San Francisco 49ers defensive tackle D.J. Jones didn’t enter 2019 with great expectations. Jones started at nose tackle the first four games of the season, then injured an ankle that kept him out of the majority of the Rams game and eventually the following week against Washington. Jones returned the following week, would wind up starting Weeks 10-14, before injuring his other ankle. The final injury would keep Jones out for the rest of the season. When Jones was on the field, he was the most underrated 49ers player, to me. He gave the defense high-quality snaps, usually hovering in the low 30s.
Jones wasn’t your typical stout, run defending nose tackle. He showed off plenty of range and athleticism that sparked a few highlights. Jones had eight more run stops and seven more “defeats”—a tackle that results in a loss, a tipped pass that leads to a stop on third/fourth down, or a play that results in a turnover—on 23 fewer snaps than Sheldon Day. Jones was active, and that’s exactly what the Niners need in the middle.
Jones will have to show that he can rush the passer consistently. Jones was 85th in the NFL in pass-rushing productivity among defensive tackles, which PFF’s stat that tells us how often a player is getting after the quarterback on a per snap basis. Does that ranking reflect Jones’s limited pass-rushing snaps, or does he have to get better? Or Both? Developing a go-to pass rush move could go a long way for Jones.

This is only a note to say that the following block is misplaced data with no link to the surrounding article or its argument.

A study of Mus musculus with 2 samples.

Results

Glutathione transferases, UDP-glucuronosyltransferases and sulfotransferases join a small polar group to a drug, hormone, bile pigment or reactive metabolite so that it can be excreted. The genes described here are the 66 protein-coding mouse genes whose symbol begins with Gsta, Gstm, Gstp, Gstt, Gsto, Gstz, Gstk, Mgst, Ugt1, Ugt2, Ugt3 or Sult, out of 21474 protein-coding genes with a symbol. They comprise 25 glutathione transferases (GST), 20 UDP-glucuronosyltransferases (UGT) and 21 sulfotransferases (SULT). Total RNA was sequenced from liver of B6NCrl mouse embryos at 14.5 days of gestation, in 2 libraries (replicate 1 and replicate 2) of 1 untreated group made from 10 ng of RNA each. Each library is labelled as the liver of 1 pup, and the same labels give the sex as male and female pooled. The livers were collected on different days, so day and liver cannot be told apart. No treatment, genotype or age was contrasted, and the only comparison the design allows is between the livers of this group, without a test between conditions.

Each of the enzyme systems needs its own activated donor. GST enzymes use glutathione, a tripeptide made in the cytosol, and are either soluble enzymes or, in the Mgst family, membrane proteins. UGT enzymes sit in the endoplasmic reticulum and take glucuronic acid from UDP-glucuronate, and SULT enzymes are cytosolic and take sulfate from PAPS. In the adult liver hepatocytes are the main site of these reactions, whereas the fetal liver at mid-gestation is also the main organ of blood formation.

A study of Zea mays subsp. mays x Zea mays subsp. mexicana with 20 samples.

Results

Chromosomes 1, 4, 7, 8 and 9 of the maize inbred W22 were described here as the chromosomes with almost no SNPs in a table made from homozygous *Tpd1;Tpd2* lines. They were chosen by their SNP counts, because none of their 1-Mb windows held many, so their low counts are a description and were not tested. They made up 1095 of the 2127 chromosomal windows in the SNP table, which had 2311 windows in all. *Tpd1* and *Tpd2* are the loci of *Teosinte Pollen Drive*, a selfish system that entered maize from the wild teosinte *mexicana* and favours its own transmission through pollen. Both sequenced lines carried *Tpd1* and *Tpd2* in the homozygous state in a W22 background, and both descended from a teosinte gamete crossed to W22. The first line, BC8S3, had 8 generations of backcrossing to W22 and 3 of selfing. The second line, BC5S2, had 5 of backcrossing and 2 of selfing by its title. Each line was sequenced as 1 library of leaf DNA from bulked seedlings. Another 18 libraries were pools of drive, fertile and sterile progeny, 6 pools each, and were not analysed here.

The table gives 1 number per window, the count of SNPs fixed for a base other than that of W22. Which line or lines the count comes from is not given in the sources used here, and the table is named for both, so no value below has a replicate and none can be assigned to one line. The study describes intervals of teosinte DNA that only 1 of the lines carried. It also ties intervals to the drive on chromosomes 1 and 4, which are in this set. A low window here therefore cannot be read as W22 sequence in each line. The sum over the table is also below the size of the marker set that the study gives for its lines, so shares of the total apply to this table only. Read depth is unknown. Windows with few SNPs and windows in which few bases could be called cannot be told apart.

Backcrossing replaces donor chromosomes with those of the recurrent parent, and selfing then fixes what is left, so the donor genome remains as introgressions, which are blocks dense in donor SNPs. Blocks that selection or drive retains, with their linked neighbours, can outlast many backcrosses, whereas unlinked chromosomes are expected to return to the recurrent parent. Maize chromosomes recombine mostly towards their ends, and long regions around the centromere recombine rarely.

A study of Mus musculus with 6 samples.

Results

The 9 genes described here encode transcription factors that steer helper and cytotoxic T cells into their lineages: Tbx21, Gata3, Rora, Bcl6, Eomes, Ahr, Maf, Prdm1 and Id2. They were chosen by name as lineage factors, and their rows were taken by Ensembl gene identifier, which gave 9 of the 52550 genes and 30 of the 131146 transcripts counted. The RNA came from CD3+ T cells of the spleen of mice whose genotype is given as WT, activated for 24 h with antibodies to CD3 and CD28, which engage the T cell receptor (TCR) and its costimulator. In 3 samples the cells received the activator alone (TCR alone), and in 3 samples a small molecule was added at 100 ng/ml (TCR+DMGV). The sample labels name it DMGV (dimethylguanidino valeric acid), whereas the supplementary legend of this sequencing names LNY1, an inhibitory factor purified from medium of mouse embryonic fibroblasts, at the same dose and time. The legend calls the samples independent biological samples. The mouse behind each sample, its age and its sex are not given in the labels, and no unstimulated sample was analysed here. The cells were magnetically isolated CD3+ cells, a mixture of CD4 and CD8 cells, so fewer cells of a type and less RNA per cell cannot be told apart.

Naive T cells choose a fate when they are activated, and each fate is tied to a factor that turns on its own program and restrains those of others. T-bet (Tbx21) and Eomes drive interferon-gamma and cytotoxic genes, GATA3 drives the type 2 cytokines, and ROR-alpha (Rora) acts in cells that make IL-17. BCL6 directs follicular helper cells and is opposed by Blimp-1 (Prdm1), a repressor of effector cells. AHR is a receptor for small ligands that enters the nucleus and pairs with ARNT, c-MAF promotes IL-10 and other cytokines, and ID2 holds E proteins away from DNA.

Age: 25 (birthday is January 19)
Experience: Three accrued seasons
Weight: 321 lbs
Jones enters the final season of his contract. His cap number will be $861,967 for this season. Jones will be an unrestricted free agent next year. He must stay healthy if he wants to earn a contract that’s not incentive-based.
What to expect in 2020
The 49ers average DVOA against the run when Jones played over 15 snaps: -11%
In the other eight games where Jones didn’t play more than 15 snaps: -2%.
For context, using Football Outsiders rushing DVOA from last year, -11% would have been good for 13th best in the NFL, while -2% would have been good enough for 23rd in the league. Expect the rushing woes to go away when Jones is on the field. The Chiefs averaged 5.8 yards when they rushed up over the left guard. I know this isn’t fair to say as there are plenty of “what ifs” for both teams, but I believe the Super Bowl has a different outcome if Jones is active.
Will Jones improve as a pass rusher? He’s 25 and last season was the most he’s ever played, and Jones didn’t play more than 350 snaps. With Kris Kocurek as his coach and the embarrassment of riches along the defensive line, it’s safe to assume Jones will pick up on a few pass rush moves. Jones must improve his endurance so he can last not only in games but for the duration of the regular season. I’d expect Jones to benefit from the talent around him and have a career year, which will put the front office in a tough spot next offseason. I’m fascinated to see the market for Jones.